This is much more a mathematical question than an English language question. (Note that I didn't even look at the maths)
On your website you say "We look here at counterexamples to the Banach fixed-point theorem when some hypothesis are not fulfilled."
Basically this theorem, like most theorems, takes the form "if conditions A, B and C are fulfilled, then we get the result X". And you are giving results that demonstrate that if A is not fulfilled, or B is not fulfilled, then we don't get that result X. You call A, B, and C "hypothesis". That's wrong. They are not hypotheses. They are preconditions of the theorem.
You then demonstrate that you don't get the result X. That is not a counterexample to the theorem, since the theorem never claimed you would get the result X without all the preconditions.
I'd suggest "Examples for the necessity of the preconditions of the Banach fixed-point theorem". There are probably many possible ways to put this.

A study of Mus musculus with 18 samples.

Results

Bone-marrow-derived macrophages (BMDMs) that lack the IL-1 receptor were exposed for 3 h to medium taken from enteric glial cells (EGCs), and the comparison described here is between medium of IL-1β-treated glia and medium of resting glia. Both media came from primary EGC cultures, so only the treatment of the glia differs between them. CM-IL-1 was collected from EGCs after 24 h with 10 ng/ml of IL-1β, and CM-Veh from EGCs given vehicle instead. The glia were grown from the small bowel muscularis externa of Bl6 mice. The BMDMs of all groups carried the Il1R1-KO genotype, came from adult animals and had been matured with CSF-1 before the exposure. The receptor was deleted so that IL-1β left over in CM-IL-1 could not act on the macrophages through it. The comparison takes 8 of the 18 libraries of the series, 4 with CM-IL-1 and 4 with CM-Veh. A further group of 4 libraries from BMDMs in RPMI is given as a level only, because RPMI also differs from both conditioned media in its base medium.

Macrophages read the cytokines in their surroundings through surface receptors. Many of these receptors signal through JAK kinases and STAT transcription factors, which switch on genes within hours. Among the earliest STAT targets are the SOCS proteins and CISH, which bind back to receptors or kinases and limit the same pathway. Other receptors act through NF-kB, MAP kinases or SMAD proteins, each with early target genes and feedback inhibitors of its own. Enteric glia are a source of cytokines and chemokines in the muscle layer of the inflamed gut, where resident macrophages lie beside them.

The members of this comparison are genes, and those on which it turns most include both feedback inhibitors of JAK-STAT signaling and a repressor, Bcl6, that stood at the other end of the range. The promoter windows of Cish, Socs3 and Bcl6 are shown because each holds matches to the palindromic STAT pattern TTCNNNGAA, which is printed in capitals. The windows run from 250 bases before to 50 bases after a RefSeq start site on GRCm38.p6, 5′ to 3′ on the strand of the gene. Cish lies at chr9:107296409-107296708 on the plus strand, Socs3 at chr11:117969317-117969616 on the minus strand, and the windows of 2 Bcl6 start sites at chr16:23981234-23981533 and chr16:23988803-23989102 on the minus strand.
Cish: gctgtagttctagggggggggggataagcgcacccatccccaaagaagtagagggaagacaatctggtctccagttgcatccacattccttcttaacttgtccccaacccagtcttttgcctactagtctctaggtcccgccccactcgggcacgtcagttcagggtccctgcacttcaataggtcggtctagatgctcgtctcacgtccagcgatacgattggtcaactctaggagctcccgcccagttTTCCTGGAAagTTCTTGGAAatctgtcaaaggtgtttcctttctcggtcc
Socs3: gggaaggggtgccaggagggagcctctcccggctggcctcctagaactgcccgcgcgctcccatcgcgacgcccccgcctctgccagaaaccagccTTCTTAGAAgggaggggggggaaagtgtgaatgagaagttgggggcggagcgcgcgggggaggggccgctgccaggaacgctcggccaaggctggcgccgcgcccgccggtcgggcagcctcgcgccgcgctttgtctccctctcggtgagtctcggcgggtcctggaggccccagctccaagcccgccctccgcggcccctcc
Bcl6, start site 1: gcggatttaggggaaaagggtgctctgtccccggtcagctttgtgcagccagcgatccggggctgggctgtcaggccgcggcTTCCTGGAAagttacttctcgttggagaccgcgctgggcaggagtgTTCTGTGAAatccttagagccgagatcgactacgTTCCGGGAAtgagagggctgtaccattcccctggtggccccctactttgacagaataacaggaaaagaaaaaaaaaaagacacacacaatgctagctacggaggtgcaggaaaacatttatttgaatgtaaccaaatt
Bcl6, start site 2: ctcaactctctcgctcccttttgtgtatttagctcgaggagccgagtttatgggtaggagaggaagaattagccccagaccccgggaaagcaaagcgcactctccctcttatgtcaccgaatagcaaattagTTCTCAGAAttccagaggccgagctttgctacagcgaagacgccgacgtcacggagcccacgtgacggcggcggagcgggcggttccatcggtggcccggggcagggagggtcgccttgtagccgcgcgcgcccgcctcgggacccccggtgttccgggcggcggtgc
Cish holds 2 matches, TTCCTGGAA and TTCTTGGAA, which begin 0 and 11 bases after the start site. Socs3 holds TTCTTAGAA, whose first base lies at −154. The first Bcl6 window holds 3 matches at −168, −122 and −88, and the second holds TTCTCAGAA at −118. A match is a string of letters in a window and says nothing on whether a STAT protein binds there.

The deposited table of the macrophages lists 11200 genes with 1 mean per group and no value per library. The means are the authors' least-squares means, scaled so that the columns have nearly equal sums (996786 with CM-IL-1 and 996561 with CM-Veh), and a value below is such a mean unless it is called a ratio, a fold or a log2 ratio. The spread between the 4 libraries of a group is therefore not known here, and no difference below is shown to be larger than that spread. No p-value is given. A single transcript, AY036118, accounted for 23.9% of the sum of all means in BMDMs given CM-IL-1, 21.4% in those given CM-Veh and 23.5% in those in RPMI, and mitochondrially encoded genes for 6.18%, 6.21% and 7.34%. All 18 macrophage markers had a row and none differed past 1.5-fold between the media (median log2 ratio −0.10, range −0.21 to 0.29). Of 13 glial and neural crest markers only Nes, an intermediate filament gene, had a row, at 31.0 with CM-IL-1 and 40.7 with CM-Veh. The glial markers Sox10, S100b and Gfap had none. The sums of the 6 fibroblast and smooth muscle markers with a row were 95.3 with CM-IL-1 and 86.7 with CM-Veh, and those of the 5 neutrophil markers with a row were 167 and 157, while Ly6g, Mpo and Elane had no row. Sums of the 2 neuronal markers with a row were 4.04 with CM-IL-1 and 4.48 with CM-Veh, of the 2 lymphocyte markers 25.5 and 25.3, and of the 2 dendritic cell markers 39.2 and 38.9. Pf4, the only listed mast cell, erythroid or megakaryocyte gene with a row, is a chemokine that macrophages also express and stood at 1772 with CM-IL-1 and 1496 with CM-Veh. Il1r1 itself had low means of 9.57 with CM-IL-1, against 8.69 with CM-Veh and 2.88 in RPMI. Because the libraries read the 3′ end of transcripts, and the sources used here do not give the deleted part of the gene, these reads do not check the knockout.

All that said, when you were told "a theorem cannot have counterexamples", that is not quite right. "Theorem" is not used for a mathematical statement that is true, but usually for one that is widely believed to be proven. Sometimes not even that is necessary; Fermat's Last Theorem was called Fermat's Last Theorem for many, many years when no proof was known, and when it was not even know if a proof existed. So it is entirely possible that something called a "Theorem" is actually wrong and that there are counterexamples. If you managed to give an actual counterexample and that counterexample has been widely accepted, the name would probably get changed.